Surviving tough economic times is no child's play for toy-makers Companies search for new markets


The toy and game industry isn't much fun this year.

Local toy and game company executives say that although their companies have grown during past recessions, there is evidence that consumers' concerns about the sagging economy and the possibility of war in the Middle East is squeezing gift budgets this year.

A few hits, such as Barbie dolls and Nintendo video games, are expected to sell well. But the Toy Manufacturers of America Inc., a trade association, said two-thirds of its members are likely to have lower sales and profits this year.

Already, many of the best-known toy and game manufacturers, ranging from Hasbro Inc., the Pawtucket, R.I.-based maker of G.I. Joe, to Baltimore's Monarch Avalon Inc., maker of the Diplomacy board game, have had profit problems and some have even laid off employees.

To survive, many area toy businesses are diversifying to find more stable markets -- either searching for new products to win customers' hearts or expanding their lines to lessen their reliance on the whims of childrens' Christmas wishes.

At Monarch Avalon, President Jackson Dott hopes his timely launch of a specially developed game called Desert Shield will help end his company's three-year money losing streak.

Although sales of its sometimes expensive and complex war gameshave sagged over the past few years, Monarch Avalon sold out its run of Desert Shield just a few weeks after it was launched this fall. A second printing is hitting store shelves now, Mr. Dott said.

But Monarch might need more than a one-time winner, since the long-term outlook for its board games is cloudy.

"Nintendo hasn't helped us. You've got to be literate to play our games," he said, explaining that he has received angry letters from customers that read something like this: "Christ! You need a Ph.D. to play these games."

The family-run company is betting on the future of board games, however, in the belief that traditional, non-electronic home entertainment products will return to popularity in the 1990s, and that perennial favorites such as the Diplomacy game will always sell well, Mr. Dott said.

Besides closing its New York office, selling off the assets of its toy division and cutting costs such as inventory, Mr. Dott said his company is expanding into more peaceful and easier-to-play games to win new customers.

"There is no reason this company should be losing money," Mr. Dott said. "It's got too much going for it."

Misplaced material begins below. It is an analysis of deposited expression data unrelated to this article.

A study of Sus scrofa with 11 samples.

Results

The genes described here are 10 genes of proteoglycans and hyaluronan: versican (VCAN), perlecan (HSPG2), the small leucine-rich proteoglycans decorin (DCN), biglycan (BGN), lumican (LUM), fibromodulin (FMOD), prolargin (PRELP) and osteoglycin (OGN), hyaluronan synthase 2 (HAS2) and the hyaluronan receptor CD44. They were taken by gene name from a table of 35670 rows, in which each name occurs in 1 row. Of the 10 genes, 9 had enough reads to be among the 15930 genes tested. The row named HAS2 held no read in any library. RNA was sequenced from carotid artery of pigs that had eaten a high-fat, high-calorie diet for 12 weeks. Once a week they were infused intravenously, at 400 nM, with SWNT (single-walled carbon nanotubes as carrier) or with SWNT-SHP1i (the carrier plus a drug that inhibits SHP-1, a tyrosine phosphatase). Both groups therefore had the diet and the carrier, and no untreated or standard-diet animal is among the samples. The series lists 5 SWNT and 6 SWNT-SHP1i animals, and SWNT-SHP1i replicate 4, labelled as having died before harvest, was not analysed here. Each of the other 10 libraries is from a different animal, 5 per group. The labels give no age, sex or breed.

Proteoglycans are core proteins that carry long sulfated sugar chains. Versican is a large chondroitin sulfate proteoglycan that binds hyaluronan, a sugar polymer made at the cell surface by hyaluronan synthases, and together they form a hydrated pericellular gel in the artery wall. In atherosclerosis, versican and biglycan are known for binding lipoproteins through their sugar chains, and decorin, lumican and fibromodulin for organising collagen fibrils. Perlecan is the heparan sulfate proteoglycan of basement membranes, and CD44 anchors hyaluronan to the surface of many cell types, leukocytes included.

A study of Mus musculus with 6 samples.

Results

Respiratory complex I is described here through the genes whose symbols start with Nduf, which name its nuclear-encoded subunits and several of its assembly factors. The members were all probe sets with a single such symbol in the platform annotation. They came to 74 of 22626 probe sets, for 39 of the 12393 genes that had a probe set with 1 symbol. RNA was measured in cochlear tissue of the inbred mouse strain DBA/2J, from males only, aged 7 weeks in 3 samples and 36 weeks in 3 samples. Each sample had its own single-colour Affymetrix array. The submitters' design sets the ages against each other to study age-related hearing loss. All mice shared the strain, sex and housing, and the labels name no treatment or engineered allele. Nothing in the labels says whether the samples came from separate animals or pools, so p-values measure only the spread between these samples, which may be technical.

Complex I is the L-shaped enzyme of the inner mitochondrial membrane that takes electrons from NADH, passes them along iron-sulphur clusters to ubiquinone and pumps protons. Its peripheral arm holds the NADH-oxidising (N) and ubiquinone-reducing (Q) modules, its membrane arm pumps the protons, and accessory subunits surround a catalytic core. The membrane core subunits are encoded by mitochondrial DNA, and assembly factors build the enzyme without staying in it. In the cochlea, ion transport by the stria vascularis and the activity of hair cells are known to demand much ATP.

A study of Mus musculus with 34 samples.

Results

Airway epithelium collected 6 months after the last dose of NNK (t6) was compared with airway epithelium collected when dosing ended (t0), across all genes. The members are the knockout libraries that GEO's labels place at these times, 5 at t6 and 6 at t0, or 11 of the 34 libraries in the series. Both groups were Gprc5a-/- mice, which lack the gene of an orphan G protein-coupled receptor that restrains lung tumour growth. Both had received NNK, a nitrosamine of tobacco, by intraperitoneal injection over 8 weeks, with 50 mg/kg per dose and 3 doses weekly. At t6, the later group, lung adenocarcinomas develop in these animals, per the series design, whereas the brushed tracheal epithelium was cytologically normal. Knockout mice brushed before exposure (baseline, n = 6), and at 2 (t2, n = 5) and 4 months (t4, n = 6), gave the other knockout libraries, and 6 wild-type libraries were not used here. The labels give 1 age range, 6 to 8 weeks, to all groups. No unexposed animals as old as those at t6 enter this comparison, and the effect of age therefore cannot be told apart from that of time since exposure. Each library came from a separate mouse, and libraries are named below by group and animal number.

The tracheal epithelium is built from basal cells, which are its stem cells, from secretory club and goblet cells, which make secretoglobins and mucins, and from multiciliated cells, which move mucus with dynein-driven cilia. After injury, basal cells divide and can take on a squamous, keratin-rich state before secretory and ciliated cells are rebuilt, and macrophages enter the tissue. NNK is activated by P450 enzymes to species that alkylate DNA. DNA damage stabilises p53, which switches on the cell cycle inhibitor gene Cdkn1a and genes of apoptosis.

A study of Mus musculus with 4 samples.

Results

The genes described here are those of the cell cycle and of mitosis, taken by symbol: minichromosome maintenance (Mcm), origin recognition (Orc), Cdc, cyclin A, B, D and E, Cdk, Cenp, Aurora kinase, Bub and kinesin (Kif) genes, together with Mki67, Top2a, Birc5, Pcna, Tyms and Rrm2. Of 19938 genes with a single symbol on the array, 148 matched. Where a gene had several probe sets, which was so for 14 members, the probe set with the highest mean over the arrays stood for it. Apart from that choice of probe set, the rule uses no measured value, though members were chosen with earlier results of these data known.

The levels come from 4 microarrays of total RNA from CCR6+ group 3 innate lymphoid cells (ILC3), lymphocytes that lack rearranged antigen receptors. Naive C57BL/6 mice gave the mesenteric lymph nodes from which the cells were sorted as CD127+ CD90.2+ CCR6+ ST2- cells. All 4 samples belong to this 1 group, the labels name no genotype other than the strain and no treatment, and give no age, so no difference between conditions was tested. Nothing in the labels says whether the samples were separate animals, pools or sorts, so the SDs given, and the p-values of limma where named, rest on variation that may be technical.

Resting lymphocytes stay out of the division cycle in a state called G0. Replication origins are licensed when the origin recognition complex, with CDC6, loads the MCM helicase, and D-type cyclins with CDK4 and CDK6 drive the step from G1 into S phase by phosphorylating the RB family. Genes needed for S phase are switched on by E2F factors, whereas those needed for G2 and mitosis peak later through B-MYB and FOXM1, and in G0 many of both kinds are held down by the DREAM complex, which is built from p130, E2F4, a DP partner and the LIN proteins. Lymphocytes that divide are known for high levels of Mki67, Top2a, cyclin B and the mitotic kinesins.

Other toy companies are steering away from anything timely on the theory that busts always follow booms.

At Lifelike Products Inc., a privately held Baltimore-based maker of toy train sets and toy-car tracks, managers say that although they envy winners such as the Teenage Mutant Ninja Turtle products -- which are expected to tally $350 million in sales this year -- they would rather stick to products that will sell moderately well every year.

"I always equate the toy business to the fashion industry. It is so fickle," said Edward Weiss, vice president of marketing at Lifelike Products.

Instead of building up manufacturing capacity for a hot item, then watching sales dwindle and costs soar as the fad dies, Lifelike Products sticks to stable, strong sellers such as wooden toys. And the company is diversifying out of Christmas-oriented toys to protect itself against getting the business equivalent of a lump of coal in its stocking.

1% As a result, 1990 won't be a stel

lar year but will be "OK. . . . We are in a good position," Mr. Weiss said.

Even successful game companies say they are trying to diversify into new markets.

Bill Stealey, a co-founder of MicroProse Inc., a privately held manufacturer of computer games based in Hunt Valley, said the recesssion has cut the 8-year-old company's annual sales growth from 35 percent last year to 25 percent this year.

But most of MicroProse's $25 million in revenues comes from sales of vividly colored computer-screen simulations of fighter plane and submarine battles. Mr. Stealey is scrambling to protect the company against the kind of anti-war backlash that prompted Hasbro to pull its G. I Joe doll off the market after the Vietnam War.

Although military games are doing well, Mr. Stealey said he and his 230 employees are searching for games unrelated to war.

The fast-growing video game company "came out of a peacetime environment. Military games are much cooler when no one is actually getting shot at," Mr. Stealey said.

He and co-founder Sid Meier "are ex-military officers. We lost a lot of friends in Vietnam," he said.

So MicroProse is branching out into adventure games and is developing its first cartridge for Nintendo systems in an effort to widen its audience beyond the male-dominated MicroProse customer list, he said.

In addition, MicroProse is trying to lessen its reliance on Christmas shoppers by introducing arcade games for the first time. More than half of the company's sales come in the fourth quarter, Mr. Stealey said, half-jokingly calling his company's ability to bring in as much as $15 million in the three winter months "disgusting."

The toy and game makers who succeed will be the ones who "make sure the fun quotient never goes out of their toys," he said.